C2E2 Roundup


Dearborn Plys, Editor

Chicago is a city full of nerds, and C2E2 is Chicago’s largest comic convention so last Sunday I went to check it out, and learn a little more about our city’s love for comics, cosplay, and more.

Even before actually entering the convention complex, nearby streets were dotted with people obviously heading where I was heading, excitedly taking pictures with friends or halfway jogging because their costumes were not made for freezing temperatures. McCormic Place was decked out in giant banners, and filled to the brim with the excited faces of people ready to spend a day, or a weekend, devoted to the fiction they loved.

Once I got my entrance pass, and took some pictures of a tiny fraction of the wave of cosplayers starting their day, I was finally able to enter the main convention floor. The stalls hawking art prints, t-shirts, and vintage comics stretched out almost as far as the eye could see. One stall had set up a structure that seemed like a fortress, but one made entirely of marvel hoodies. Another, the Cards Against Humanity booth, had a giant hotdog in the front, and a lawn of fake grass.

Of course, conventions like C2E2 are nothing if not a place to spend all of your money in a matter of hours. Manga fan Erin Tran ‘19 says, “After C2E2 or ACEN [another similar convention] I’m totally broke”. And she’s not alone, Victor Figueroa, cosplayer, said while eyeing a user interactive light saber, “I saved up for this for months and I probably shouldn’t spent it all at one booth, but I really want to.”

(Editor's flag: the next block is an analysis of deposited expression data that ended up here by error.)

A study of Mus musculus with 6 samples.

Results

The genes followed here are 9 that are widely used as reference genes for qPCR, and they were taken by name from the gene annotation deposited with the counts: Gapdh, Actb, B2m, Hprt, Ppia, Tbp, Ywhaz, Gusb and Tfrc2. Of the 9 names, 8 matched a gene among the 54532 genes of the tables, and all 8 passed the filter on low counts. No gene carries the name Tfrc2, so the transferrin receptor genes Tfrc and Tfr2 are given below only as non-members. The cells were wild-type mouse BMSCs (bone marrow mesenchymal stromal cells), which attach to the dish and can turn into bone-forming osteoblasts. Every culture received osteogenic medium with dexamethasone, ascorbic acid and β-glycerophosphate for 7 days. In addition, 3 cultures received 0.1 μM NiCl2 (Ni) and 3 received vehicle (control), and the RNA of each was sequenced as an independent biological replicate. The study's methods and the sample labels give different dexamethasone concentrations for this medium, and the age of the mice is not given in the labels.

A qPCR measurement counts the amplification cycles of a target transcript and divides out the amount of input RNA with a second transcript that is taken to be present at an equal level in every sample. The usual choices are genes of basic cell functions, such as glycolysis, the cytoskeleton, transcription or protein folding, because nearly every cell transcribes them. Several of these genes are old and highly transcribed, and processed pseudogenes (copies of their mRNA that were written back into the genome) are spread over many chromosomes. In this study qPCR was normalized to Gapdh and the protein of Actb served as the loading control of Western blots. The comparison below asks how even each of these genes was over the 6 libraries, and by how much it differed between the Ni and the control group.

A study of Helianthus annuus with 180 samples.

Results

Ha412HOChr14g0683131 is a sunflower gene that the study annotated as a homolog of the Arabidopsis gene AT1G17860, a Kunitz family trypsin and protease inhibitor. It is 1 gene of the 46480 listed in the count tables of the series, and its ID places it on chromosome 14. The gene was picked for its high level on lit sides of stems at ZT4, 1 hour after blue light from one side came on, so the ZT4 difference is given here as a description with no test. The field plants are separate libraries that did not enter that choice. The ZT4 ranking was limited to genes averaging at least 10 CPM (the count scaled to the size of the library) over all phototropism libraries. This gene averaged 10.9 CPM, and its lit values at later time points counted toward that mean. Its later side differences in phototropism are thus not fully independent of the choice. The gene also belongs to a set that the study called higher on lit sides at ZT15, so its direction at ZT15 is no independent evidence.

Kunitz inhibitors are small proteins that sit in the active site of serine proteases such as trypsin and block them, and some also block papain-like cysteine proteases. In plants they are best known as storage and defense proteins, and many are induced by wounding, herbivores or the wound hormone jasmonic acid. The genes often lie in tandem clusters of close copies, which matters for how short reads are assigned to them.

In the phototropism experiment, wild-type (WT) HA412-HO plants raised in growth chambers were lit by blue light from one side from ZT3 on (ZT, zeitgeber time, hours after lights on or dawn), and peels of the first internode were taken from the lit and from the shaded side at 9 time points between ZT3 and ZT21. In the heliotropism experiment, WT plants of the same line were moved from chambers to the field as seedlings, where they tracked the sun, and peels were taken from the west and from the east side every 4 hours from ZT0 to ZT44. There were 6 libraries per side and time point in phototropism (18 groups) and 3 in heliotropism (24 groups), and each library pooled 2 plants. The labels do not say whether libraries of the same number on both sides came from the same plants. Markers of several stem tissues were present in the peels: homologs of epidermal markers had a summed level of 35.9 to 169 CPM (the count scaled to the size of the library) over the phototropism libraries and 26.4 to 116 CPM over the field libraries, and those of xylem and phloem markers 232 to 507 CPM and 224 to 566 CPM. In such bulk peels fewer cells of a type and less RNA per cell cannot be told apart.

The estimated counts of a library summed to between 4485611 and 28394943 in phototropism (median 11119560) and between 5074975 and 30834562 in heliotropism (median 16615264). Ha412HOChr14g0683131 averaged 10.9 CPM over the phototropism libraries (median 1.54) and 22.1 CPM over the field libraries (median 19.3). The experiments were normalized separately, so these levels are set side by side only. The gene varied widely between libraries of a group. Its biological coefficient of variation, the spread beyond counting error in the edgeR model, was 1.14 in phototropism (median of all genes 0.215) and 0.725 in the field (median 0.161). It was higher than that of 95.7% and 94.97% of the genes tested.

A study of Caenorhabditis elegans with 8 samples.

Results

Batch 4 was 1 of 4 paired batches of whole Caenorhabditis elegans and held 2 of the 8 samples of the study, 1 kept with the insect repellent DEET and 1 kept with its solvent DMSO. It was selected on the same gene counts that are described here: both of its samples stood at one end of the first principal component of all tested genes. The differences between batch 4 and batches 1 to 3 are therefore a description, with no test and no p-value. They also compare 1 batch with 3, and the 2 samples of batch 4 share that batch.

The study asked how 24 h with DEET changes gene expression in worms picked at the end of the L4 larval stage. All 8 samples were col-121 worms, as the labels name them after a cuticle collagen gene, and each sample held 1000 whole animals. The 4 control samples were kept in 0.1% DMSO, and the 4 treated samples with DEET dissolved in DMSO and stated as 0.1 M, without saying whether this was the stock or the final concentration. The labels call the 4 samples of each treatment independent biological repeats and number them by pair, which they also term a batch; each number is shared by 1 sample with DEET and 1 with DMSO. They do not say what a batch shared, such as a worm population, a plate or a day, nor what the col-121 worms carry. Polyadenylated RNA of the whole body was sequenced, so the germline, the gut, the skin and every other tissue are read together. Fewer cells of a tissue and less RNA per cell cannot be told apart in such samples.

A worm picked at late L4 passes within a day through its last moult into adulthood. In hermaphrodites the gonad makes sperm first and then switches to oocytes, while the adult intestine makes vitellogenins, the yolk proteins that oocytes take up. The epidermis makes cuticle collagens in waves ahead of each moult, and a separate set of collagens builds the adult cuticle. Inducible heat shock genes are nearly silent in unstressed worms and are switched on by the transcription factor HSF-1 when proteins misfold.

Large companies like Marvel and DC Comics frequently announce new releases at events like C2E2 and this year was no exception. In an event on Sunday afternoon, Marvel announced a new release to a crowd screaming so loud I could hear it from 5 ailes away.

Local businesses and individual artists also have their hold on this event. The artist’s alley is a section of booths entirely devoted to single artists selling their own merchandise. This year you could find anything from a comic series on the Tuskegee Airmen, to adorable pillows with anime characters, to The Panopticorn. Mom-and-pop shops dot the stalls too, selling board games, figurines, and bargain-bin rates on comics from as far back as the 60s.

Later in the day I met up with a friend who’s costume included a sign stating “A hotdog is not a sandwich, change my mind.”, a statement that led to almost two hours of intense debate as we continued to explore the convention floor. Interactions with total strangers in friendly but intense conversation about completely nonsensical topics are a major part of the convention experience. In a place where everyone is in costume, or laden down with slightly embarrassing amounts of memorabilia, there’s a social acceptance of just going up to random people and complimenting the exact-to-movie details of their armor, or gushing about how excited you are for a new chapter in your favorite story to come out. “You can have really unexpected conversations”, says photographer Holly Situ ‘16.

I had a great time at C2E2 and I think that if you get the chance to go to a place where people are able to express their love for the fiction they can’t stop talking about, then you should go too. And don’t forget to take pictures!